Regenerative medicine company Orthocell is pleased to announce positive initial safety and tolerability results for its CelGro collagen-based medical device, in a clinical study examining its use to augment the repair of nerve damage.
The first two patients treated in this pivotal trial had previously suffered traumatic peripheral nerve injury resulting in the inability to bend their elbow and significantly impacting basic activities of daily living. An interim review at 20 days post operation for the first two patients to receive CelGro® nerve regeneration treatment demonstrated that CelGro® is safe and was well tolerated with no inflammatory reactions or complications.
Orthocell Managing Director Paul Anderson said: “This initial assessment is very positive and represents an important step forward in the development of CelGro® in the very important area of human nerve regeneration. CelGro® allows for suture-less reconnection of the damaged nerve while guiding nerve regeneration and accelerating the healing process.”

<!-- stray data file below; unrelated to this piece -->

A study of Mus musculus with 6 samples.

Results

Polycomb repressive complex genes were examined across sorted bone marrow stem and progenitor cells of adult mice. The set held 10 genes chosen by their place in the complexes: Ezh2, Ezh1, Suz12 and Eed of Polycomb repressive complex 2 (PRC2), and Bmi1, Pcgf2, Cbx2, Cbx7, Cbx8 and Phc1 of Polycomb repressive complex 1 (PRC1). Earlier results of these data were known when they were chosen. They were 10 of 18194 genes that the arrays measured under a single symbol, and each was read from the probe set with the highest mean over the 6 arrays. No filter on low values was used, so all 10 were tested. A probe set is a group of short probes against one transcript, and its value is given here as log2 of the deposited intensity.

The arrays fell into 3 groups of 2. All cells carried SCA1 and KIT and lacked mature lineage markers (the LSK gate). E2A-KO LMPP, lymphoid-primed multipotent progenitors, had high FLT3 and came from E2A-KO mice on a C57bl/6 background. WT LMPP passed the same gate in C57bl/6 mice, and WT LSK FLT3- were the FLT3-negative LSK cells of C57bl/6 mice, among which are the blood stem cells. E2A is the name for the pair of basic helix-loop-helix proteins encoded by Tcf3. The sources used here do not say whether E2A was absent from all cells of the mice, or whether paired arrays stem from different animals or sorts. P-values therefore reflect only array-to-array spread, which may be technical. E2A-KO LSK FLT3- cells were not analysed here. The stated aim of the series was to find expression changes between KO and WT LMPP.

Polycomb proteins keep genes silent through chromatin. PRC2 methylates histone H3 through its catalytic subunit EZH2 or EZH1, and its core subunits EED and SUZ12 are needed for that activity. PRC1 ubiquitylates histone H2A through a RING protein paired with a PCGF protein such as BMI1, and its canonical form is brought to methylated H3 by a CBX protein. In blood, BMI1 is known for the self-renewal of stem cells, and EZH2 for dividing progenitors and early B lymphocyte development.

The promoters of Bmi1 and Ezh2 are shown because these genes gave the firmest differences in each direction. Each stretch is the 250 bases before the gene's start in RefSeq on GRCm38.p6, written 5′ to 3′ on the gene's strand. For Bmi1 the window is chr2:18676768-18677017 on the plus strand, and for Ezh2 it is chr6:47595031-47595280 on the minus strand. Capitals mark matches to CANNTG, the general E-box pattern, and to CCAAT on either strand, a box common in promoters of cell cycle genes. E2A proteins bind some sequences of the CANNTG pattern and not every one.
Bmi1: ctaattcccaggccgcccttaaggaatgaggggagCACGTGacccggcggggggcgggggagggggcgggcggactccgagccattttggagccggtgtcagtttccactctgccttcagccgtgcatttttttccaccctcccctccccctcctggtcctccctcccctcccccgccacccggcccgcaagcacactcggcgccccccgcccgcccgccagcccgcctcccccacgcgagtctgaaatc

Peripheral nerve injury is most commonly caused by accidents or other trauma and in the US alone over 20 million people are affected each year, at a cost of approximately $150 billion in annual health care dollars.
CelGro® is a biological medical device used in a variety of orthopaedic and general reconstructive surgical applications. Orthocell is undertaking a wide range of clinical studies using CelGro® to augment tendon, nerve and cartilage repair as well as to guide and promote bone regeneration.
Orthocell has submitted CelGro® for first regulatory approval in Europe and expects to receive notice of approval of its CE Mark application in Q1 2017. Orthocell has also submitted a 510(k) application for FDA regulatory clearance of CelGro® in the US.
Receipt of these approvals will enable commercialisation of CelGro® products to commence in Europe and US, as well as trigger applications for other regulatory approvals in Australia and Japan in 2017.